Don Hosek - Recent reading

I tend to be a voracious reader, and I read widely. This list has its origins in an old signature file which I would update periodically with the current book that I was reading. That gradually transmogrified itself into the current massive archive with brief reviews.

What I've been reading lately
Number of books read and reviewed each year
1995* (28)
1996 (47)
1997 (74)
1998 (61)
1999 (62)
2000 (27)
2001 (51)
2002 (60)
2003 (37)
2004 (36)
2005 (32)
2006 (46)
2007 (109)
2008 (78)
2009 (65)
2010 (68)
2011 (98)
2012 (129)
2013 (114)
2014 (101)
2015 (88)
2016 (82)
2017 (52)
* Partial year
Selected Works by John Dryden
[Finished 22 August 2017] I have a gap in my studies of English literature between Milton and Pope. Not just literature, but history as well, the whole restoration period is a bit fuzzy in my mind, so long long ago I picked this volume up secondhand somewhere and I finally got around to reading it.

The poetic fashion of Dryden’s era tended towards rhymed couplets and Dryden was nothing if not faithful in following fashion. Most of the poems were imminently forgettable, but there were some interesting moments in Dryden’s apologetic work, particularly when he tackles defending Catholicism from protestant arguments (Dryden converted to Catholicism when James II ascended the throne and remained Catholic after James was deposed because he realized that there was little to commend one protestant sect over another).

I found reading this that perhaps part of why this period in English literary history is foggy in my mind is that there isn’t much to commend it.

Displaced Persons by Ghita Schwarz
[Finished 18 August 2017] I wrote a review of this which apparently vanished and I don’t feel like redoing it now.

Saints for All Occasions by J. Courtney Sullivan
[Finished 3 August 2017] Written in sections that shift in time starting in the fifties and running to the 80s (iirc) alternating with sections in the more-or-less present day. Taking different characters for her close third-person narrative, Sullivan is able to tell a story that none of her characters fully understands and manages to paint a wonderful picture of Irish-American Catholicism in the Boston of the late twentieth century.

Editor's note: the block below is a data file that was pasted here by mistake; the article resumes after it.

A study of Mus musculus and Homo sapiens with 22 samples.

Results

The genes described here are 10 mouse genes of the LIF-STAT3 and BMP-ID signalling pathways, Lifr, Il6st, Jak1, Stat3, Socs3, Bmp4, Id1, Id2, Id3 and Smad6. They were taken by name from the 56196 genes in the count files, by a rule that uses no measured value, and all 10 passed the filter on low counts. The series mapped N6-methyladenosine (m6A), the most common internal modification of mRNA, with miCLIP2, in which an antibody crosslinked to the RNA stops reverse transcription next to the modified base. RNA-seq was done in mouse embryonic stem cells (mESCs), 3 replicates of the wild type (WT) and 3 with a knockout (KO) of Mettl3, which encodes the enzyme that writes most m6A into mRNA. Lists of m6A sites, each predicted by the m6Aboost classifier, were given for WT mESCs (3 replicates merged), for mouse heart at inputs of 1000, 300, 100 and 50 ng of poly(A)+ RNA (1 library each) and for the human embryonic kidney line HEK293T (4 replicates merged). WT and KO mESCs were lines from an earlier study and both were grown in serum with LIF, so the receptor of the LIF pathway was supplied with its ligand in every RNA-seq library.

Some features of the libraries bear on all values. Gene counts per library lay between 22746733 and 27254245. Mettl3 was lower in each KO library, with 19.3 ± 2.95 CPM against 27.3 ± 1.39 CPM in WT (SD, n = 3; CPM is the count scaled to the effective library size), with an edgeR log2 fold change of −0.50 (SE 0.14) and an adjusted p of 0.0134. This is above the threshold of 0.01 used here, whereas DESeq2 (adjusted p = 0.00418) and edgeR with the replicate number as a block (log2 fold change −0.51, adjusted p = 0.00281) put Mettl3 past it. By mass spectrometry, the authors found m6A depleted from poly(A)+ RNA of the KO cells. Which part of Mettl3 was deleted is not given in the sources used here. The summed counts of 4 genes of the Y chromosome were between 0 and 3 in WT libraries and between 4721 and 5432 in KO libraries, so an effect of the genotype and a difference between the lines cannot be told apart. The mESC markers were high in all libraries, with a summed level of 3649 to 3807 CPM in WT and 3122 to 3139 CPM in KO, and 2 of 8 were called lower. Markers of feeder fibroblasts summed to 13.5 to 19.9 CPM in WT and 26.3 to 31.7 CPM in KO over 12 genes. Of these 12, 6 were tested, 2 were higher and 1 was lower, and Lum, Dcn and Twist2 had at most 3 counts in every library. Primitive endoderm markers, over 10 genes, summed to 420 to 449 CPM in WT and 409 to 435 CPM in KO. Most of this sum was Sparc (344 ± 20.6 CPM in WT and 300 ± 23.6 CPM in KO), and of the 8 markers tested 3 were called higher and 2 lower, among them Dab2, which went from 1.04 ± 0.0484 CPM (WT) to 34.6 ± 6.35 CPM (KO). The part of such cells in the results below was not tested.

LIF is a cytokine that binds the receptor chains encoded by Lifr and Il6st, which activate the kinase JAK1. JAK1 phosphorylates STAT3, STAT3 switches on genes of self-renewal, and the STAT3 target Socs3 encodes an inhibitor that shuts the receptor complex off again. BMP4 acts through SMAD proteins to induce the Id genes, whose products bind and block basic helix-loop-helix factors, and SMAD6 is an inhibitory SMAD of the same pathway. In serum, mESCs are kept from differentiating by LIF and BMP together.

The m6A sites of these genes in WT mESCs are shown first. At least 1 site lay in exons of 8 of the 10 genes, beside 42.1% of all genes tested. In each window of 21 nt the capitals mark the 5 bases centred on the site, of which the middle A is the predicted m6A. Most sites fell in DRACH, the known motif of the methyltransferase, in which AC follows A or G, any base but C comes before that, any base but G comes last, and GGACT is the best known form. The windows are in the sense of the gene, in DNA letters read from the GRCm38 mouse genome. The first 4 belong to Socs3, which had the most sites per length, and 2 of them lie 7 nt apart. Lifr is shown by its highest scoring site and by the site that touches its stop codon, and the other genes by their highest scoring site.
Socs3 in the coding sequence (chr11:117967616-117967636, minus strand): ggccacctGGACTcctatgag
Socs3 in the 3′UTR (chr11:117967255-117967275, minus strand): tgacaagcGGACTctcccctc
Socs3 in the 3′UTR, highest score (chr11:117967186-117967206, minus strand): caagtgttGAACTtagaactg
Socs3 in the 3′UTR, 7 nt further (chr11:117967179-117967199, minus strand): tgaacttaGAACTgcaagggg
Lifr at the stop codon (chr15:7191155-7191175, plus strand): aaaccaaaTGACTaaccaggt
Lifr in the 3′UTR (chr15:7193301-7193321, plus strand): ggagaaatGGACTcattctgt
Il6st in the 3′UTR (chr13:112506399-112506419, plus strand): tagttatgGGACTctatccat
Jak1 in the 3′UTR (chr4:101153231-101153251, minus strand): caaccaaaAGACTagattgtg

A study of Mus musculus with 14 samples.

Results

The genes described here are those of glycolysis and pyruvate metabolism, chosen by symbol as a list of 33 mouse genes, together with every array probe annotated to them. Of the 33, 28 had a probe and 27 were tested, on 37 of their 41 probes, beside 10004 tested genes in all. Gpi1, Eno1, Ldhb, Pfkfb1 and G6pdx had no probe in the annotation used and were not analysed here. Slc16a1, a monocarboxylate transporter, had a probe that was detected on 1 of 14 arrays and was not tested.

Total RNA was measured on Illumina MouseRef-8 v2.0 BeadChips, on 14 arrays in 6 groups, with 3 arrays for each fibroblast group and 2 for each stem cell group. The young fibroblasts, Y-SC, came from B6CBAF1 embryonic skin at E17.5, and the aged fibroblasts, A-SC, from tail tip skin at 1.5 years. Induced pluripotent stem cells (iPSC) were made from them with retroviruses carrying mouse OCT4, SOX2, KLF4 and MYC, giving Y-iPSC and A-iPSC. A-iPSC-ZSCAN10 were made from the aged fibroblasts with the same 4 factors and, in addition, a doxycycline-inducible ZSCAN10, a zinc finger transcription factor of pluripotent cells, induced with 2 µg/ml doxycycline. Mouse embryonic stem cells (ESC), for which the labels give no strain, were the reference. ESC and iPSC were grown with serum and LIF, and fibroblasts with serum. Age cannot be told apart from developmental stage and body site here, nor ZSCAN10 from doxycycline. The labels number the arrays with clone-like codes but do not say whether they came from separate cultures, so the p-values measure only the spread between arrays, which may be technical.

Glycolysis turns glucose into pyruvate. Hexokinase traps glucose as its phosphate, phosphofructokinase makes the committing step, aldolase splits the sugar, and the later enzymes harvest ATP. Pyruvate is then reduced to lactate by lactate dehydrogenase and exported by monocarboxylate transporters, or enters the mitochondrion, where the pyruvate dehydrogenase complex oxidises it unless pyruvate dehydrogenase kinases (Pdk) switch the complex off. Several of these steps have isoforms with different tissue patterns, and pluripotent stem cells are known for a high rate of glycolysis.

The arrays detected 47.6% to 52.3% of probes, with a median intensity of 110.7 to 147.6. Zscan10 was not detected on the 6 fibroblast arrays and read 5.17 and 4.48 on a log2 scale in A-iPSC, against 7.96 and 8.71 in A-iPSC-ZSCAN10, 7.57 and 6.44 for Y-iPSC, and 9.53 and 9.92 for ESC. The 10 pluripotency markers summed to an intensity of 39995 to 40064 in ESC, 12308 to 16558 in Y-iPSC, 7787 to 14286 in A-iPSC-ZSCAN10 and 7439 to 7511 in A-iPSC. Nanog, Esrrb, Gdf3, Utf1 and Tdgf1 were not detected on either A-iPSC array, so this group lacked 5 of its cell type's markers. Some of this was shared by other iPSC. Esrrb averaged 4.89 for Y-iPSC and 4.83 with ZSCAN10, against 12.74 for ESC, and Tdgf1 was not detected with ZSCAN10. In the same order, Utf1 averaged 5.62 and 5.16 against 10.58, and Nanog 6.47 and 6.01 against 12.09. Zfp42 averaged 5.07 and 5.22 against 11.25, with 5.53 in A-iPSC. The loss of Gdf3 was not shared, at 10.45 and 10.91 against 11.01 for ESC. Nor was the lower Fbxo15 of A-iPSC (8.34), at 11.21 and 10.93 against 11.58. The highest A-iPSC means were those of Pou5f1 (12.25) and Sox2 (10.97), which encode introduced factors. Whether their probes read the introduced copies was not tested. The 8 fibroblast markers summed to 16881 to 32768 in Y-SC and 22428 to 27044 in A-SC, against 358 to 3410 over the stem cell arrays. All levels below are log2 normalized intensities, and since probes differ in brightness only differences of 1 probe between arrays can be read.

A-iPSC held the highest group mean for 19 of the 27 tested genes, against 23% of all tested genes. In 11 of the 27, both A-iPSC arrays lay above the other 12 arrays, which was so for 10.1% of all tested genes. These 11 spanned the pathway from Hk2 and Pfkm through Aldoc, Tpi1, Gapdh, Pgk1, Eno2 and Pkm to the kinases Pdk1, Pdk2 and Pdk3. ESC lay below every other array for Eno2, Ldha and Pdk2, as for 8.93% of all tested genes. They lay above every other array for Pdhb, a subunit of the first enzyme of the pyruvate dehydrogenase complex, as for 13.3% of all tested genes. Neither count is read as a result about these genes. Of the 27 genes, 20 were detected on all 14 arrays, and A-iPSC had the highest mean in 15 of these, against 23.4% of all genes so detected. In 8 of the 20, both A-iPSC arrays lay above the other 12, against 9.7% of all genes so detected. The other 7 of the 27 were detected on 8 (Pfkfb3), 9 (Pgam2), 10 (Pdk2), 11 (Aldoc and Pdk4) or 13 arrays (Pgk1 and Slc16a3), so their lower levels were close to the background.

Venus Prime 1: Breaking Strain by Paul Preuss and Arthur C. Clarke
[Finished 27 July 2017] This is an interesting project: Preuss apparently took a set of Clarke short stories and used them to link together a narrative about a character of his own creation. It’s relatively easy to spot where Clarke leaves off and Preuss steps in—the two writers are at different levels and while Preuss has squashed the prose down to his own level, the plotting is likewise distinguishable between the two writers.

Elizabeth is Missing by Emma Healley
[Finished 21 July 2017] Healley does the seemingly impossible task, making a compelling story narrated by a character with senile dementia whose train of thought often doesn’t make it from the start to the end of the paragraph. Despite this narrative challenge set for herself, she manages to let the story with its dual mysteries unfold in a compelling manner leaving the reader to put together the pieces that are left incomplete.

Jewish Displaced Persons in Camp Bergen-Belsen, 1945–1950: The Unique Photo Album of Zippy Orlin edited by Erik Somers and René Kok
[Finished 13 July 2017] Photos mixed with an assortment of essays on related topics. Unfortunately, there’s not a lot of information about the contents of the pictures.

Essential Latin by George D. A. Sharpley
[Finished 9 July 2017] See my review at

In Progress: See Inside a Lettering Artist's Sketchbook and Process, from Pencil to Vector by Jessica Hische
[Finished 8 July 2017] It was fascinating to see how Hische’s process worked, particularly her use of skeletons in the lettering design. Some aspects of this were things that I’ve worked out intuitively in my own lettering work, but either way, it was educational to see how an expert does the work.

Bloodchild and Other Stories by Octavia Butler
[Finished 3 July 2017] I’ve never read Butler before this book and I can see what I’ve missed out upon. She does an incredible job of telling stories, not just with unique and intriguing worldbuilding, but with great command of language and character. The two essays in the volume, which are largely cheerleading for would-be writers, are disposable, but the stories themselves are all gems.

Run by Ann Patchett
[Finished 30 June 2017] The most Catholic of Patchett’s novels, with the Catholicism of the Doyle family front and center in the narrative, this was the book that persuaded me that Patchett was at least raised Catholic, which, it turns out, she was. The coda of the novel feels a bit of a cheat, and the scene with the two Tennessees is a bit out of character to the rest of the novel, but the characters are a joy to spend a novel with.